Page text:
Kinkajou: The Rainforest Mammal That Looks Like Primate


Kinkajou, have you ever heard of this animal before? Kinkajou also goes by the name honey bear while it has zero relations with a bear at all. Its name actually derived from the Native American word “Quincajou” which originally means “wolverine” due to its resemblance with that animal. As always, you are going to see some fascinating information about this unique creature with me below. Maybe you have never heard of them before, but that is going to change now. So let’s take a look and find out more about kinkajou with me today.


Looking like a monkey, kinkajous are actually the closest relatives to raccoons. A kinkajou has large eyes that are highly reflective of light in a small round face. It has soft fur that is either brownish or gray in color for the undercoat and gold for the outer coat. Another thing that you notice right away apart from their eyes is the cute little round ears on their head. Those adorable ears are not just for show because kinkajous have an extremely sharp hearing. Their hearing is so accurate they can detect even the movement of a snake nearby. Kinkajous also have sharp teeth that help them to eat and possibly protect themselves from predators.

The special thing about kinkajous is that they are able to fully rotate their feet 180 degrees. This allows them to run in either direction along the branches or up and down the trunks. Simply put, a kinkajou can run backward as quickly as they run forward which is amazing. On top of that, they have a prehensile tail that functions as another arm that can grip onto branches. This is why it is common to see them hanging from the tree branch by their amazing and strong tail. Kinkajous also snug in their tail to provide more comfort, a sense of protection, and warmth when they sleep. Because they have flexible spines, kinkajous are able to curl into tight spots when sleeping.


Kinkajous are very social animals, and they form treetop groups to share social interactions with each other. During those times, kinkajous groom, play, and sometimes they sleep together. A typical kinkajou social group includes 2 males and a female with her offspring. They can be quite noisy due to the barks, high-pitched squeaks, and hisses that they make. Outside the social moments, kinkajous spend most of their time alone and they are territorial animals. Kinkajous mark their territory by using scent glands from their abdomen and at the corner of their mouth and throat. These animals stick to their own territory, and they usually travel the same route each night.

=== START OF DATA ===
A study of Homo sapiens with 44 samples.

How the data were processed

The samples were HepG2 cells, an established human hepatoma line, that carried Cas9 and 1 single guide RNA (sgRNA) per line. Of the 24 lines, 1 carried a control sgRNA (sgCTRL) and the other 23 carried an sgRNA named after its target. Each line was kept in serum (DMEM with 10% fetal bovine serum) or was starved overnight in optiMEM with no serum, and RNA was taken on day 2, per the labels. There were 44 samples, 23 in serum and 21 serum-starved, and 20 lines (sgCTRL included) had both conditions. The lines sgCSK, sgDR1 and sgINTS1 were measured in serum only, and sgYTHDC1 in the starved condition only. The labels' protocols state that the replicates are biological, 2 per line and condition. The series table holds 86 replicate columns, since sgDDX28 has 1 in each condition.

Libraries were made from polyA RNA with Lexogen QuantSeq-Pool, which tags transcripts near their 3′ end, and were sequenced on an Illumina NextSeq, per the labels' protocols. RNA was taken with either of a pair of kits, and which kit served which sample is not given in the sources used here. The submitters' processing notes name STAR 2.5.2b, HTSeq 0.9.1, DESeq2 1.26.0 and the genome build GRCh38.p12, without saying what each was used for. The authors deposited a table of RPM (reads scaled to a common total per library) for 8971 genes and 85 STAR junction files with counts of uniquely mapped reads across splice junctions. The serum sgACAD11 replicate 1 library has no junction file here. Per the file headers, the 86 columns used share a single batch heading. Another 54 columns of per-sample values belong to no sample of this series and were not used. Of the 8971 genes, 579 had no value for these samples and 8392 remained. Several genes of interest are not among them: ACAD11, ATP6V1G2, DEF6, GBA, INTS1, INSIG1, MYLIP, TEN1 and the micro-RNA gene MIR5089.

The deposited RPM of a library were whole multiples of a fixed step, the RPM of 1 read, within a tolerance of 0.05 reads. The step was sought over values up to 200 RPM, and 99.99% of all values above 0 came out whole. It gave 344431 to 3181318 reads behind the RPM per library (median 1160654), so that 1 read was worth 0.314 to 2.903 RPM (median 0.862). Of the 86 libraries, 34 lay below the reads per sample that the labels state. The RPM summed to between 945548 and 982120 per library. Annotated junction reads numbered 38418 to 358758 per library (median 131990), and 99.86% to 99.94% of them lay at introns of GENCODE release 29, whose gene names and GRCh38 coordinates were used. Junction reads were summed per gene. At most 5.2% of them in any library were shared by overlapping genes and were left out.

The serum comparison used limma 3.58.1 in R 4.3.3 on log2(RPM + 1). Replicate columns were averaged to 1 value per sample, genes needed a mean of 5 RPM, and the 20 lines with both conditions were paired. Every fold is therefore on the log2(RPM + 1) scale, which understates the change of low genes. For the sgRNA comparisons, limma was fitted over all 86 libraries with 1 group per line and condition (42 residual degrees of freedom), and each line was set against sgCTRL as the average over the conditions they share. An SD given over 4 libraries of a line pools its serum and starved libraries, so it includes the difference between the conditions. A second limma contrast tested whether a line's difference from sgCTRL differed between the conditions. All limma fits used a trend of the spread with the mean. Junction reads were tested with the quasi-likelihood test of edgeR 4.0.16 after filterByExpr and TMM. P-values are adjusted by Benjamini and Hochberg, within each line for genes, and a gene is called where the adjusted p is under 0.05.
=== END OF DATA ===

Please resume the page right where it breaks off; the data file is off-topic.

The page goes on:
As nocturnal animals, kinkajous roam and eat at night before they return to sleep in the morning. In Belize, people called them “night walkers” because they are most active when the sun goes down. During the day, kinkajous find a crook or hollow in a tree to hide or sleep in. Without using a proper hideout, predators might find and eat them during their sleeping time. Sometimes they use the same spot while other times they go for a new one in each morning. When the day gets too hot, the kinkajous expose their belly and bare-skinned palms to catch a cooling breeze. Kinkajou are docile and easy-going around people, but they can lash out if agitated or disturbed.

3Feeding & Habitats

image: pxhere

With the reputation of raiding bee nests, kinkajous also go by the name of honey bears. These adorable mammals use their long skinny tongue to slurp honey from a beehive or move insects from their nests. Apart from these, kinkajous also feed on fruit (particularly figs) and small mammals that they can find. Sometimes they also eat eggs, hatchlings, insects, and small vertebrates that they come across. Kinkajous are important pollinators because they also drink nectar from flowers, and they move around a lot. And they get their water from their food or the water that is gathered on leaves, so coming to the ground is not necessary.

Kinkajous live in the tropical rainforests of Central and South America where they spend most of their time in trees. Thanks to the dense and wooly fur, it helps to keep them dry against the constant rainfall. Besides rainforests, kinkajous also live in coastal forests, dry forests, and evergreen forests in the same location. Where they live, kinkajous travel from tree to tree via overlapping branches rather than coming down. In fact, they rarely leave the treetops to come down to the ground so it is difficult to study them.

4Predators & Threat

image: rawpixel

The main predators of kinkajous are foxes, harper eagles, jaguars, margays, ocelots, and tayras. Since they are fast and flexible, their natural predators are not important threats to their lives. Kinkajous are more vulnerable to hunters and poachers who seek them for various purposes. These mammals are not endangered, but they face some threats such as hunting and poaching. People hunt them for fur and meat, and people also capture them for the exotic pet trade. It is true that they look cute, but these animals are not good pets because they are from the wild. They can inflict a painful bite and they can be destructive to a home in the middle of the night. Another main threat is deforestation which is also a big problem for their population.